With No Time To Die pushed back to 2021 and Cineworld teetering, Backstage looks at the long-term implications for the industry.
It’s been a weekend of grim headlines for the film industry.
First came news that the release of the new James Bond film has been further delayed, until 2 April 2021.
The postponement of No Time to Die came after both two major autumn releases, Wonder Woman: 1984 and Marvel Studios’ Black Widow were both pushed back.
With Steven Spielberg’s West Side Story and Kenneth Branagh’s Death of the Nile remake also delayed, the news spelt disaster for many struggling cinema chains, which rely on big-budget releases for much of their income.
Sure enough, the bombshell Bond news prompted Cineworld – the world’s second-biggest cinema operator – to announce on Sunday that it is considering the “temporary closure” of its theatres in the UK and the US.
Cineworld – a British company – runs 543 Regal Cinema venues in the US, where it is the second-largest chain. Cineworld is the UK’s biggest operator with 128 cinemas.
With surging cases of coronavirus in many countries threatening cinema-going, there are now questions about whether some major films will simply go straight to streaming.
Audiences, it seems, are staying away from cinemas – despite over 77% of screens being open globally. Christopher Nolan’s big-budget Tenet was meant to the movie that lured film fans back to cinemas – but overall it has been judged a commercial failure with a $307 million worldwide box office after more than a month of release.
Total global box office for 2020 currently stands at over $7.9 billion, but that is still a whopping 73% behind an average of the last three years, according to industry analysts Gower Street.
Some studios could choose to forgo a theatrical release altogether. Disney did just this for its big-budget action epic Mulan, launching instead on Disney+ last month for a premium rental price.
Disney’s Mulan move came just days after cinema operator AMC Theatres and movie studio Universal stunned the industry by announcing an agreement that will see some Universal movies debut on home entertainment platforms within 17 days of their theatrical debut, rather than the usual 90 days.
The deal stood out as only a year ago AMC refused to show Martin Scorsese’s The Irishman in its cinemas because Netflix wouldn’t play the movie exclusively in theatres for more than 30 days.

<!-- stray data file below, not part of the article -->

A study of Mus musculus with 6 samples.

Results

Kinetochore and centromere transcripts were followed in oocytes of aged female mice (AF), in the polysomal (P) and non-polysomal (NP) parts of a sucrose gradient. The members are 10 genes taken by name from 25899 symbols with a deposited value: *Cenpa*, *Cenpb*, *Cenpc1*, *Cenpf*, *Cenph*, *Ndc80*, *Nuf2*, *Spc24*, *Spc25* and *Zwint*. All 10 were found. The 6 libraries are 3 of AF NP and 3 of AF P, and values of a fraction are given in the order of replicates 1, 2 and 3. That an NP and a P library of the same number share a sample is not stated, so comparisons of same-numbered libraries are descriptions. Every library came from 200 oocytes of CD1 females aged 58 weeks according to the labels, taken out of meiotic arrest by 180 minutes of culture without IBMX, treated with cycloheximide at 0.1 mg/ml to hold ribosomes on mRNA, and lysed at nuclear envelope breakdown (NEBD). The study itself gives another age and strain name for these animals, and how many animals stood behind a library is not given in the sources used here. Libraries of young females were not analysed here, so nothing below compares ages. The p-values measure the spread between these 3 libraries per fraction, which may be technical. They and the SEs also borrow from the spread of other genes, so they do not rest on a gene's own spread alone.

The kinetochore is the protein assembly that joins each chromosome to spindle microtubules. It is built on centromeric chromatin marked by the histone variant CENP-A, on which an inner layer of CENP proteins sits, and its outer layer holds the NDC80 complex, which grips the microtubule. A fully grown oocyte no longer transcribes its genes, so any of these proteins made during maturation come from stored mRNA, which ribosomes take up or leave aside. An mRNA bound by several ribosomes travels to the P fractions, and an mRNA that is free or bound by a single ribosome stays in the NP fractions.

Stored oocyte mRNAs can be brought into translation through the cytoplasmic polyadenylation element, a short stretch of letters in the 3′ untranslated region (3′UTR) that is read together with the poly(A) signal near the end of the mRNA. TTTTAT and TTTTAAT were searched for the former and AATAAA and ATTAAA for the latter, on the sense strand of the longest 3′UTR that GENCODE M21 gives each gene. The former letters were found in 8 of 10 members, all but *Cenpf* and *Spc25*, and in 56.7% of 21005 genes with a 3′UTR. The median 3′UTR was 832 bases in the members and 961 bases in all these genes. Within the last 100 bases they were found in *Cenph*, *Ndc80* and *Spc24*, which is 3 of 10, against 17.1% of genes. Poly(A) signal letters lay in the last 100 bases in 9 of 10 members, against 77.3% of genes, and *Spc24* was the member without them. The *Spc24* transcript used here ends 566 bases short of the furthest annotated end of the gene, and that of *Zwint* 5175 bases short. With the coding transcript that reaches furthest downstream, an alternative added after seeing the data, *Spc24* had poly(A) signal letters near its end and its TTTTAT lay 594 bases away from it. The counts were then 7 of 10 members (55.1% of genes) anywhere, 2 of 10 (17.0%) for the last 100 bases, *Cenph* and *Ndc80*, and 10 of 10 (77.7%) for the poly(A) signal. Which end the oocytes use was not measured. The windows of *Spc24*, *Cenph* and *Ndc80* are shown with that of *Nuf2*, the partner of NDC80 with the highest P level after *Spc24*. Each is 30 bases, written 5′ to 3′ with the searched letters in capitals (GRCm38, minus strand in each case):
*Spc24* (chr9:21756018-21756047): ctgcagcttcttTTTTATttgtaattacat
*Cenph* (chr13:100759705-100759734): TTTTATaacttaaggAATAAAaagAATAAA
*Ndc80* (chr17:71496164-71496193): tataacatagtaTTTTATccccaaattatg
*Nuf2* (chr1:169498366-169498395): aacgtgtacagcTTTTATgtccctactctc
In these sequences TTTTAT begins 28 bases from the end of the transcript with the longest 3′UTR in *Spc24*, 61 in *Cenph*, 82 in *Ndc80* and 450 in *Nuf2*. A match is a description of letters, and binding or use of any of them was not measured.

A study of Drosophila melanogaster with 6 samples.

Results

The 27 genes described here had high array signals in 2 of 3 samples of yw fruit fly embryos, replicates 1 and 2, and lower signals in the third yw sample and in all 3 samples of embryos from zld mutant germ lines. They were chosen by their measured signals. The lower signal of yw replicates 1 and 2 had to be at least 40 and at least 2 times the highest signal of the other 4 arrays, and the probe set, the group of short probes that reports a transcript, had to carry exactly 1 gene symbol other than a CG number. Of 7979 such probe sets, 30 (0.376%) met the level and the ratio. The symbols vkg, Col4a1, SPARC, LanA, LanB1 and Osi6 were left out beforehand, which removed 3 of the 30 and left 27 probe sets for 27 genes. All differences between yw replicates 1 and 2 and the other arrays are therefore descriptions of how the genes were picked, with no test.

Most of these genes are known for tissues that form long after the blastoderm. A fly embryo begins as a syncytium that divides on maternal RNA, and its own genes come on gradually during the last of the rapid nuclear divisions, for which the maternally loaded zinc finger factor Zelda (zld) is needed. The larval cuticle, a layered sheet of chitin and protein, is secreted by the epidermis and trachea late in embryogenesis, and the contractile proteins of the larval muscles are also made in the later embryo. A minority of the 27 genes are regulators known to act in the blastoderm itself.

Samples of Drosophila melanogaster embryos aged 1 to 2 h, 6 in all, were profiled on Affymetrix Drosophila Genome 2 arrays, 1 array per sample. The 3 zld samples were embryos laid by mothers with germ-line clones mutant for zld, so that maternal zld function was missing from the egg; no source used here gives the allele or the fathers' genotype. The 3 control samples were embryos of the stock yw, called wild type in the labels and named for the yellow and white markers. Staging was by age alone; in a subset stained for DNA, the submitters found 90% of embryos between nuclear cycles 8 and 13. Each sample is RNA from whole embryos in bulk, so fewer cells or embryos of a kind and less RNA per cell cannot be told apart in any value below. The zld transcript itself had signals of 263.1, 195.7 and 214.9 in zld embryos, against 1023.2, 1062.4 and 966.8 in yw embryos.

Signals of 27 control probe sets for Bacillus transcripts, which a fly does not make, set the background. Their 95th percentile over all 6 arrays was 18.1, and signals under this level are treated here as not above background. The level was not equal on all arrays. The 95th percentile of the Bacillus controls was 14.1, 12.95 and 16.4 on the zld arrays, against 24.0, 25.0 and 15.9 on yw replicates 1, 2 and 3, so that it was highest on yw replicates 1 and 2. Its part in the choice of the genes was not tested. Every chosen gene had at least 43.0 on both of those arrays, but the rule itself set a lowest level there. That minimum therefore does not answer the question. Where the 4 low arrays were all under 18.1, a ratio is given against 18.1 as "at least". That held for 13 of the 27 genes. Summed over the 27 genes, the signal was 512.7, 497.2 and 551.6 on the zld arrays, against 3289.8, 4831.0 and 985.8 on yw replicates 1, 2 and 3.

Indeed, A-list filmmakers including Noland, James Cameron, Steven Spielberg, and Martin Scorsese warned in an open letter last week that cinemas “may not survive the impact of the pandemic.” At the very least, Covid-19 lockdowns look to be hastening the collapse of the 90-day window between theatrical release and on-demand availability.
What is ‘windowing’ and why does it matter?
For over 70 years, “windowing” has underpinned the way that producers and studios look to profit from their productions, helping create a “long tail” of revenue across cinemas, on-demand, pay-TV and then free-to-air TV.
The rise of streamers in the past decade has called this strategy into question, with Netflix in particular funding big-name directors such as Martin Scorsese and Alfonso Cuaron to make films for its platform.
So, what does all this mean for talent working in front of and behind the camera?
If cinemas are forced to close permanently as a result of the pandemic, it means more films like The Irishman and Roma will be made with streaming platforms in mind, rather than the big screen.
If arthouse chains go under, producing independent film will become even tougher than it is now – making producers and actors even more reliant on deals with streaming platforms, and potentially offering fewer routes into the industry. It could also accelerate still further the rise of drama series at the expense of film.
This shift could have big implications for remuneration for actors and producers. Speaking off-record, a major screen producer tells Backstage that a straight-to-streamer model would have a major impact on contracts, given that platforms such as Netflix pay a premium to acquire all rights up-front. “There is very unlikely to be any back-end or net position if a platform is taking global rights – it’s all up-front.”
In other words, the long tail that screen projects currently enjoy – and which can lead to ongoing payments for actors and production companies as content works through various forms of media – would be replaced by a one-off buyout deal from a single streamer, who would then retain all rights in perpetuity.
In the UK, actor deals with Netflix, for example, would be subject to the agreement that union Equity negotiated with the streamer last year. This is a three-year agreement with a minimum weekly fee of £715, which allows for three months use on the platform and then there are additional percentages to cover either a period of 10 years or 15 years of availability on Netflix. This could be generous for some actors; less so for others, but in the main, not as generous as might have expected from traditional film companies, distributors, and broadcasters.
And for producers, this relationship with a single streamer that buys all rights puts them more into the position of a hired producer rather than businesses which own long-term film and television assets.
Less tangibly, we may be living through the “golden age of television,” but without the event-creation that cinema excels at, would all screen entertainment be diminished?
In a week when the BFI London Film Festival is demonstrating great adaptability at showcasing the vibrancy of the art form, that is still – thankfully – debatable.